Amazon on Tuesday revealed that the first batch of Dash-powered devices have gone live.
Now, a smart washing machine from General Electric, select Brother printers and glucose-monitors from Gmate Smart are actively running Amazon's Dash Replenishment Service (DRS).
Previously, consumers could purchase some DRS-compatible devices, but couldn't yet take advantage of the feature.
Amazon first introduced the Dash Button last April as a one-click buying system designed to facilitate the effortless reordering of commonly used household products.
The idea was that consumers could place the tiny, logo-laden plastic sticks around their home, connect them to WiFi, and simply push a button when they run low on a particular item. Amazon, of course, receives the order and fulfills it.
But the program took on a more serious Internet of Things tone last October, when Amazon significantly widened the ecosystem of hardware partners participating in DRS. At the time, Samsung, General Electric, Oster and a host of others signed up to build devices and appliances that can reorder products without any help at all.
For instance, a connected device would measure supply usage using sensors or scales and then order consumables when needed. Or take GE: the appliance maker has programmed its washers to utilize "smart dispense technology" that automatically reorders detergent when the owner is about to run out of their preferred brand, with zero human effort required.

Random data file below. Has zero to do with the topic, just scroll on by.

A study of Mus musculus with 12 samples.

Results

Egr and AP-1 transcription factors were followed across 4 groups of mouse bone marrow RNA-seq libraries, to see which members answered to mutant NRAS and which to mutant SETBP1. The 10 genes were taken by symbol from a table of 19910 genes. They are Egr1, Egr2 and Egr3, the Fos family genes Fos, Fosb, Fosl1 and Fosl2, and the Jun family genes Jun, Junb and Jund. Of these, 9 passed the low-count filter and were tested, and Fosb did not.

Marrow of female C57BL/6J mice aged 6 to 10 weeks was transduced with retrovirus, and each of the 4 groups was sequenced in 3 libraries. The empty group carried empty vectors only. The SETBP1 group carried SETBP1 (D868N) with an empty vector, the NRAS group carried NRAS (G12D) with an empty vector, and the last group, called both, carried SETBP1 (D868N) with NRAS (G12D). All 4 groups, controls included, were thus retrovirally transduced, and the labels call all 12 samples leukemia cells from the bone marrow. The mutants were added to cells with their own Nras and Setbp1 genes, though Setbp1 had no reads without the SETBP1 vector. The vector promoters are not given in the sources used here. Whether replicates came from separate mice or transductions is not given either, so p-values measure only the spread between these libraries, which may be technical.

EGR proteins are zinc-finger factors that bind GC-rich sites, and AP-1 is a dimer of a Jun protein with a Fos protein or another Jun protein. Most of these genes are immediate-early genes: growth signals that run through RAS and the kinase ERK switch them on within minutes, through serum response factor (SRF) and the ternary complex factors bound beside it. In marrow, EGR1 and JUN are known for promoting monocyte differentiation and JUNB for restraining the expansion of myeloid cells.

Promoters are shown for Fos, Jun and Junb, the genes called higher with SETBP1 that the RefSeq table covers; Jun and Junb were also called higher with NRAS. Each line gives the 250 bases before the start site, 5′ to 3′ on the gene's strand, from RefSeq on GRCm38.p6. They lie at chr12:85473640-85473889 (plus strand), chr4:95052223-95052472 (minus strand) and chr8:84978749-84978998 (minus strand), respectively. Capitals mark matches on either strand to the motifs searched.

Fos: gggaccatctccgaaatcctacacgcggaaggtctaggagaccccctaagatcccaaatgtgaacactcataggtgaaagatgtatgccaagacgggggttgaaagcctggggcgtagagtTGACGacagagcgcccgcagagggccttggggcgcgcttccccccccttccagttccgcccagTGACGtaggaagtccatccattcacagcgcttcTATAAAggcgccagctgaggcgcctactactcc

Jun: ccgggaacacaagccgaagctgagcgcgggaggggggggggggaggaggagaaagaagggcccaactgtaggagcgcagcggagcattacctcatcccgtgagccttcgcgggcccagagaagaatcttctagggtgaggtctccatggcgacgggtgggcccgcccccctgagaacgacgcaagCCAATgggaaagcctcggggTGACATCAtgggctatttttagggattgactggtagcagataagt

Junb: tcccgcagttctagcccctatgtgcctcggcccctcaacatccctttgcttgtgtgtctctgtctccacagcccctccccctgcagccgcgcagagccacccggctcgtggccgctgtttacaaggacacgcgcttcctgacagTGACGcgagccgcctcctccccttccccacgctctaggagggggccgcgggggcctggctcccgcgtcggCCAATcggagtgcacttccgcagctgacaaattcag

Other gadgets just signing up for DRS include the Whirlpool Smart Dishwasher and a touchless soap dispenser from hand sanitizer brand Purell.
"It's exciting to make Dash Replenishment a reality," Daniel Rausch, director of Amazon Devices, said in a statement. "Customers can start taking advantage of the service today, and we will continue to launch and add new devices to the program this year."
The API for Amazon's Dash Replenishment Service also came out of private beta today, which Amazon says gives everyone from big corporations to small businesses and hobbyists the ability to make their devices DRS-compatible.
Looking at the bigger picture, it's clear that both the Dash Buttons and the DRS (and even Amazon's smart speaker system Echo, for that matter) are part of Amazon's master plan to tie e-commerce with smart home technology and the Internet of Things. It's a slow process for sure, but Amazon's intentions are clear: The company wants to own your wallet, and it plans to get deeper and deeper into the home to help make that happen.